The next decade is likely to be the decisive period determining the future course of U.S.-China relations. Unless China and the United States can find ways to block the current drift toward strategic rivalry, tensions will rise. This will make it more difficult to preserve the climate of peace and prosperity that has fostered China’s rise and made East Asia such a dramatic success story. Moreover, if China's economy continues to surge ahead while the United States remains mired in the struggle to bring its burgeoning budget deficit under control, the PRC could emerge from this coming decade with the largest GDP in the world. This will have both psychological and strategic significance and could roil the waters of the bilateral relationship.
Recent US attention to East Asia, and particularly to Southeast Asia, is part of a coherent U.S. policy approach in East Asia that seeks not to contain China but to restore confidence in the region that the United States, despite its budget difficulties, is truly committed to maintaining a robust US presence in both Northeast Asia and Southeast Asia. Not surprisingly, this flurry of US activity is causing many Chinese to see the United States as challenging China in its own backyard. In reality, the situation is more complex.
China's more assertive behavior following the 2008 financial crisis increased the desire of Beijing's neighbors for the United States to remain engaged to play a balancing role. However, these same countries worry that the United States may go too far in provoking China by trumpeting U.S. determination to pivot back into East Asia. In addition, America's closest friends and allies in the region share the concern that the United States may become distracted by its domestic difficulties and lack the staying power to remain fully engaged in East Asia.
Such considerations underscore the fact that the credibility of US policy in East Asia rests to a significant degree on effective management of the US-China relationship. East Asians want the United States sufficiently engaged to deter China from using its growing military capabilities in inappropriate ways. At the same time, they do not want the United States to rely excessively on the military component of its regional presence or to behave in ways that make China a more dangerous neighbor and increase pressures on them to choose between China and the United States.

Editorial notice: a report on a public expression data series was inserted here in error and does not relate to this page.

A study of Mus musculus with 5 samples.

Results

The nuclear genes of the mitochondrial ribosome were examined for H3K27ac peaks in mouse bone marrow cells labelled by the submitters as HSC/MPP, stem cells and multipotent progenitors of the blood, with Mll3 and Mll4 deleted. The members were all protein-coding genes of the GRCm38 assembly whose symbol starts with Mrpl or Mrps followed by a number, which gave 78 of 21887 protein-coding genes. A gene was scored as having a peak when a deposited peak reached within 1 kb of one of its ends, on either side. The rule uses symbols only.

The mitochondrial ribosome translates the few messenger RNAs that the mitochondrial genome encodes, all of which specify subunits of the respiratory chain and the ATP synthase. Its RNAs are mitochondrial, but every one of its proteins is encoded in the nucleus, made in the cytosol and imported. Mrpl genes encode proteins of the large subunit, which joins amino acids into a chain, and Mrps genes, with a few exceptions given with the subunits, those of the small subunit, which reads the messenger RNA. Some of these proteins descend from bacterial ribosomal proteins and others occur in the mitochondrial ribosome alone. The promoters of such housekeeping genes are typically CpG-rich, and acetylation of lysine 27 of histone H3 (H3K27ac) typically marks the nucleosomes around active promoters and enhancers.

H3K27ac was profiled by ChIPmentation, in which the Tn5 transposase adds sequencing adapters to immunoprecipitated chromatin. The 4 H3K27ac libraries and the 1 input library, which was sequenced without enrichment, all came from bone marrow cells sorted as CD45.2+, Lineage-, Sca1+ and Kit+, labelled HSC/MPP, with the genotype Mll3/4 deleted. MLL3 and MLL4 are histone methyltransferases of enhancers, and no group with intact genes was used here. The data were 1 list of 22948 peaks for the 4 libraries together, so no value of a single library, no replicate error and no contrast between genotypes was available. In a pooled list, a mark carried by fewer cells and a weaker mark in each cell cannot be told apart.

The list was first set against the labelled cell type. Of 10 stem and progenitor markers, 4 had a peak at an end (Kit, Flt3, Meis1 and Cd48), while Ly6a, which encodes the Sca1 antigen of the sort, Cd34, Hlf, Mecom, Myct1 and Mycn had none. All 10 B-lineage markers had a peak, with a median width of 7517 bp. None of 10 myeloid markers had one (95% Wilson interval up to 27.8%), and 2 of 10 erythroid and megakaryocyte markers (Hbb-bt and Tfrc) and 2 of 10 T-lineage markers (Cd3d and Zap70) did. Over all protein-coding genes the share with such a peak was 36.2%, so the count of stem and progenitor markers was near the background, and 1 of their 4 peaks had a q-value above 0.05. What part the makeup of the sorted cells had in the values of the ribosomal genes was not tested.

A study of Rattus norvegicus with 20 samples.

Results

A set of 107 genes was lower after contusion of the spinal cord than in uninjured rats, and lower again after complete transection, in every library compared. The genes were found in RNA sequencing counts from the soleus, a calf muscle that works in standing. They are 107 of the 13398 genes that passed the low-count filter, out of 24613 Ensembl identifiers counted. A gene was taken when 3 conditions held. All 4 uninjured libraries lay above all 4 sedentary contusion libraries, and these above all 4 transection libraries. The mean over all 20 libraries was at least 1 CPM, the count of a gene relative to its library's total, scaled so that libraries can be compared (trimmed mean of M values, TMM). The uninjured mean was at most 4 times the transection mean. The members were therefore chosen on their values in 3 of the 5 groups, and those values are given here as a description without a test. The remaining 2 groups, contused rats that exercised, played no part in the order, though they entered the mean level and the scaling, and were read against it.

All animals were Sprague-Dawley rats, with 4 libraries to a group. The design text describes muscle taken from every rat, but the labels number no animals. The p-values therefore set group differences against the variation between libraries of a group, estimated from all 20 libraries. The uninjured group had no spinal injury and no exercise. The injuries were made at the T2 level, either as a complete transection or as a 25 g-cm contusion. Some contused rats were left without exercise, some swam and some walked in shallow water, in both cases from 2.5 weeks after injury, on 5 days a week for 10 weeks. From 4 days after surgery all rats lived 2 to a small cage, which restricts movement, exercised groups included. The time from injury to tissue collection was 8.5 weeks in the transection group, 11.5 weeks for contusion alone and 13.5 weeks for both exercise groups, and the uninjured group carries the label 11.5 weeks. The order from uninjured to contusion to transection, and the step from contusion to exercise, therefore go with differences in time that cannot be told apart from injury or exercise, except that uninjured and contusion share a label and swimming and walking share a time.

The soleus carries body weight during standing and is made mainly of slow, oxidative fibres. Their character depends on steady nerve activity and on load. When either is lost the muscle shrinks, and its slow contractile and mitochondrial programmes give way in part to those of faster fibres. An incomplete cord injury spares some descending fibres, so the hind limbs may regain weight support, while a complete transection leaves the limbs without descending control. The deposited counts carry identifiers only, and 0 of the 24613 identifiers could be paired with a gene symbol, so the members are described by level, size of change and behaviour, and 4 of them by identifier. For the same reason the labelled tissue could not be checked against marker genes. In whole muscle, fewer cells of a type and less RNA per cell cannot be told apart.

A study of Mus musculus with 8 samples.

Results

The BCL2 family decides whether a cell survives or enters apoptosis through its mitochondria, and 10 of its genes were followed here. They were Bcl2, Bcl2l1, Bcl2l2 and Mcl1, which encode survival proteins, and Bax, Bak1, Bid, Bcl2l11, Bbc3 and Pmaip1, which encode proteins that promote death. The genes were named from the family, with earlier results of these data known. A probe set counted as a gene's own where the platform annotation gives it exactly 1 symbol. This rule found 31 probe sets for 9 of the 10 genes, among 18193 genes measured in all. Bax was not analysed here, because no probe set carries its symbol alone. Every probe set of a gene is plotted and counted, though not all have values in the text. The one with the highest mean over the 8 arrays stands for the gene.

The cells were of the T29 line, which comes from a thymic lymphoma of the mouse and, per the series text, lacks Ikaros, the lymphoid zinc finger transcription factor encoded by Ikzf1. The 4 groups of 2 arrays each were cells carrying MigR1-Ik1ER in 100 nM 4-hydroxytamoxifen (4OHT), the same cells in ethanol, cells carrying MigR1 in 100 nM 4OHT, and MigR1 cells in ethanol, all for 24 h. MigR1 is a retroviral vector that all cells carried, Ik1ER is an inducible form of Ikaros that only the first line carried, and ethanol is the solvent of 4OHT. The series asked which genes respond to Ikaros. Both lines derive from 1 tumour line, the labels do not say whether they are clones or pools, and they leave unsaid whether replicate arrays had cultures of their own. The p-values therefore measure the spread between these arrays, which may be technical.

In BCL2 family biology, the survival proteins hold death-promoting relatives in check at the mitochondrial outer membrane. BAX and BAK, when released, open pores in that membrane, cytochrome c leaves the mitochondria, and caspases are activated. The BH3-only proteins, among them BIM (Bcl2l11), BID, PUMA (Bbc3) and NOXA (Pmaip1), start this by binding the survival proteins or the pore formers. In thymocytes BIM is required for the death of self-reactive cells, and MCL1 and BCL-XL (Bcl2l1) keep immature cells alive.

Both China and the United States have defined a framework for the relationship that, in principle, should make these challenges manageable. In the two US-China Joint Statements issued in November 2009 and January 2011, the United States welcomed a strong, prosperous, and successful China that plays a greater role in world affairs. Similarly, China welcomed the United States as an Asia-Pacific nation that contributes to peace, stability and prosperity in the region. In terms of declared policy, therefore, the United States is not trying to hold China down, and China is not trying to drive the United States out of the western Pacific.
The question for both parties is whether they can adhere to these positions over time as China grows stronger and more influential. Beijing sees itself as again becoming the central player in East Asia, while the United States has long been a Pacific power with formal alliances and strategic ties throughout the region. Both Washington and Beijing consider good bilateral relations of vital importance, but their growing strategic rivalry has the potential to evolve into mutual antagonism.
In particular, the Taiwan issue remains a highly sensitive factor in the U.S.-China bilateral relationship. Unfortunately, this issue is presented domestically in China in a manner that undermines mutual confidence and distorts the nature of the U.S. approach. Ever since the establishment of diplomatic relations between Washington and Beijing in 1979, U.S. policy on Taiwan has sought to minimize incentives for a military resolution by continuing the sale of defensive arms to Taiwan and to maximize incentives for a peaceful solution by holding firmly to a “one China” approach and by consistently supporting every positive development in cross-Strait relations. Developments over the last twelve years have shown clearly that this approach provided an important underpinning for the major improvements in cross-Strait ties that have taken place.
Moreover, China and the United States will not be able to lessen strategic mistrust unless and until they are prepared to address a central question: is there an array of military deployments and normal operations that will permit China better to defend its core interests while allowing America to continue fully to meet its defense commitments in the region? Neither country has yet shown any inclination to begin exploring whether such an accommodation is possible. And yet this is what needs to be done if we wish to avoid seeing history repeat itself, to the detriment of both countries.
Ambassador J. Stapleton Roy is Director of the Kissinger Institute on China and the United States. He retired from the Foreign Service in January 2001 after a career spanning 45 years with the U.S. Department of State.